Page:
It was with great sadness that we heard of the death of harpist and scholar Osian Gwynn Ellis on Jan. 5, 2021. He was 92. Ellis was one of the leading harpists of the 20th century and appeared on the world’s major stages. He was a living legend in his native Wales, and promoted and sang the music and poetry of his country throughout his long and illustrious career. Ellis left a rich legacy to the harp world internationally through his recordings, compositions, and rich repertoire of new music, written by many contemporary composers who had been inspired by his performances. He traveled extensively during his career and succeeded in bringing the world’s attention to a varied harp repertoire, including music spanning four centuries from Wales.
Ellis was born in Flintshire, Wales. His father was a Wesleyan minister and his mother an amateur harpist. His first teacher as a child was the iconic Alwena Roberts. He won a scholarship to study with Gwendolen Mason at the Royal Academy of Music in London, and became professor of harp there from 1959 to 1989. At the beginning of his career, Ellis appeared in early Welsh-language radio and television programs, and later gave many performances with famous actors, including Dame Peggy Aschcroft, Sybil Thorndike, Hugh Griffith, and Richard Burton.
Ellis was appointed principal harpist of the London Symphony Orchestra (LSO) in 1961 and was a close associate of the finest conductors of his time, including Pierre Boulez, Colin Davis, Georg Solti, David Willcox, and André Previn. He was a regular soloist with the LSO, English Chamber Orchestra, and the BBC National Orchestra of Wales. His acclaimed recording of Ravel’s Introduction et Allegro with the Melos Ensemble won the 1962 Grand Prix du Disque in Paris.
The early 1960s brought an important and significant collaboration between Ellis and the great English composer Benjamin Britten. Ellis was the harpist in all of Britten’s performances and recordings, and at Britten’s Aldeburgh Festival. This collaboration led to important harp parts in all of Britten’s works, such as the War Requiem, Midsummer Night’s Dream, Owen Wingrave, Death in Venice, and the Church Operas. For the harp world, the most important work to come out of this collaboration was Britten’s Suite for Harp, which was dedicated to Ellis and first performed by him at the Aldeburgh Festival in 1969.
After Britten suffered a severe stroke and was unable to play the piano, the composer invited Ellis to take his place in concerts, accompanying his partner, the tenor Peter Pears, on the harp. Ellis and Pears gave many concerts internationally, and Britten composed new music especially for the duo. Later, Ellis gave similar concerts with his son, tenor Tomos Ellis. Many other eminent composers wrote new works for him, including William Mathias, Alun Hoddinott, Rhian Samuel, Robin Holloway, Jorgen Jersild, and Malcolm Arnold. He loved the hard graft of working with composers and interpreting complex, challenging, and artistic music.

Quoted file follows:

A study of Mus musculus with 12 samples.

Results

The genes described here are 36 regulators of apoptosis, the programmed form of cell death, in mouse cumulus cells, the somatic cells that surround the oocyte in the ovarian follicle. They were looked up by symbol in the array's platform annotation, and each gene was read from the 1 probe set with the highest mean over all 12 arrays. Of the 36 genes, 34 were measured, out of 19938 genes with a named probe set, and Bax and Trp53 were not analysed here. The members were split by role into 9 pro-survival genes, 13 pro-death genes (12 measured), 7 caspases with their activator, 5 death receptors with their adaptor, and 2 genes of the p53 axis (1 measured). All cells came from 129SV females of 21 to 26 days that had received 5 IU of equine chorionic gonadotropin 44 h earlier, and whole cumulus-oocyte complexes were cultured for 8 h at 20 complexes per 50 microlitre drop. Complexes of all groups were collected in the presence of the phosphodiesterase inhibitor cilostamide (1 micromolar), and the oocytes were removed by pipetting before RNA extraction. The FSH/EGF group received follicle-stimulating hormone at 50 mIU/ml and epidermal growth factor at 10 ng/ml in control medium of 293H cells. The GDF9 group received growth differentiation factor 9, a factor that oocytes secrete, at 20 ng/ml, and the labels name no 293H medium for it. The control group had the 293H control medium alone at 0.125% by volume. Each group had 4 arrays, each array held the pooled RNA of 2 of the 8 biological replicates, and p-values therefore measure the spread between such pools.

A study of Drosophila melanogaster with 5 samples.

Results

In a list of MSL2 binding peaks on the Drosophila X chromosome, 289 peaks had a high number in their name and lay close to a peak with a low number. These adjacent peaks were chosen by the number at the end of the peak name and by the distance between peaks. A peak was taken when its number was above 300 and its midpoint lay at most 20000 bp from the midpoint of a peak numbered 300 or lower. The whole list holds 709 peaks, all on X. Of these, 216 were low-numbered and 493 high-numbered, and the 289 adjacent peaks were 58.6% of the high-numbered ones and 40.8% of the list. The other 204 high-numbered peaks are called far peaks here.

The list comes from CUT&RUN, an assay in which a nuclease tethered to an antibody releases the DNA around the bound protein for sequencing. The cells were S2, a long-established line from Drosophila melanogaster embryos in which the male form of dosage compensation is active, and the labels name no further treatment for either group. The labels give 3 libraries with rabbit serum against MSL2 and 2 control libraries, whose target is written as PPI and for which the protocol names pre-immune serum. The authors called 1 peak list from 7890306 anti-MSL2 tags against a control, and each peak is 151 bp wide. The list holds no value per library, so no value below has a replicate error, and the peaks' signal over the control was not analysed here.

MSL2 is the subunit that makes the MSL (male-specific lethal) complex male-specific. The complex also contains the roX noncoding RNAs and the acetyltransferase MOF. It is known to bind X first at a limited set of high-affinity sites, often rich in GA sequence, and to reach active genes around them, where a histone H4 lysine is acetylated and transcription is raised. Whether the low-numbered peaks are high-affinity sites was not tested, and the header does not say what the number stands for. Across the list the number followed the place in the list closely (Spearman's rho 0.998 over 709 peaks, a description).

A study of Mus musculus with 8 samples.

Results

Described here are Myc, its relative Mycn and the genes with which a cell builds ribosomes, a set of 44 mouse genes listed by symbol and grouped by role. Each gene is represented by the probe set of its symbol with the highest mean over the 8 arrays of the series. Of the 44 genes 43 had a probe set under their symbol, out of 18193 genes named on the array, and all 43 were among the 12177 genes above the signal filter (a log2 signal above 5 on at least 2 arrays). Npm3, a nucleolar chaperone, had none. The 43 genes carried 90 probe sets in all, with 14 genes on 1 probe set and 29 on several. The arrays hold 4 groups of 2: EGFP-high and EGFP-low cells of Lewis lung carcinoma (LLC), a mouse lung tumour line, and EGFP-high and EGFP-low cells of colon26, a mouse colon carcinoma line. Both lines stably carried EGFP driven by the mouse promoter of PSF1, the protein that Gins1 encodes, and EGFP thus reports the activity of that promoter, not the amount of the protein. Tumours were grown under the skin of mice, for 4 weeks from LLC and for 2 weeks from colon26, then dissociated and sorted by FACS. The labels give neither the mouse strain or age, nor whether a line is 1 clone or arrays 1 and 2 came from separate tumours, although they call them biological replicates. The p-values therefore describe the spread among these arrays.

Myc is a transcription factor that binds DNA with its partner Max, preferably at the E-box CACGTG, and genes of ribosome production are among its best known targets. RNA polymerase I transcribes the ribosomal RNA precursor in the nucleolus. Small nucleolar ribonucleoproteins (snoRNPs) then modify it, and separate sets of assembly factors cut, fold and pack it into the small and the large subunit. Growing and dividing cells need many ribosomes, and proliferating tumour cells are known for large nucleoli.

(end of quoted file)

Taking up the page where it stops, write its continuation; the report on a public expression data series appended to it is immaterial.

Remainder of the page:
Ellis had a kind, charming personality and influenced generations of musicians and harpists. He was my teacher and mentor and gave me many opportunities to work with him in the London Symphony Orchestra and the English Chamber Orchestra, and with Benjamin Britten. He had strong convictions about the importance of music education and always sought excellence and persuasive communication in his students’ musical performances. He hated sentimentality, and I can vividly remember how he would dismiss unconvincing performances as “sloppy” and unworthy.
Ellis’ scholarly work included research into the medieval Welsh music of Robert Ap Huw, 18th century composer and harpist John Parry, and the uniquely Welsh form of singing, Cerdd Dant. His History of the Harp in Wales was published by the University of Wales Press, and he appeared in a myriad of television and radio programs. Ellis received numerous honors from leading national institutions in the U.K., and was made Commander of the Order of the British Empire (CBE) by the Queen in 1971. He also played the organ for Sunday worship at the Chiltern Street Welsh Chapel in London.
In retirement, Ellis and his wife Irene retired to their family home in Pwllheli in northwest Wales. The loss of their son, Tomos, was a devastating blow. Ellis cared tenderly for Irene during her illness and suffered a heavy loss when she died. For many years, his harp remained silent, but he regained his creative spirit following the 2018 Wales International Harp Festival, which celebrated his 90th birthday. He re-strung and tuned his Lyon & Healy harp and composed, then recorded a new piece, “Lachrymae,” in memory of a young family member. In April 2018, his “Cycle of Welsh Folk Songs” received its debut performance by famous opera singer Bryn Terfel and his wife and former Royal Harpist Hannah Stone.
Ellis is survived by a son and daughter-in-law and two grandchildren.
Read Harp Column’s feature interview with Osian Ellis in our May-June 2018 issue.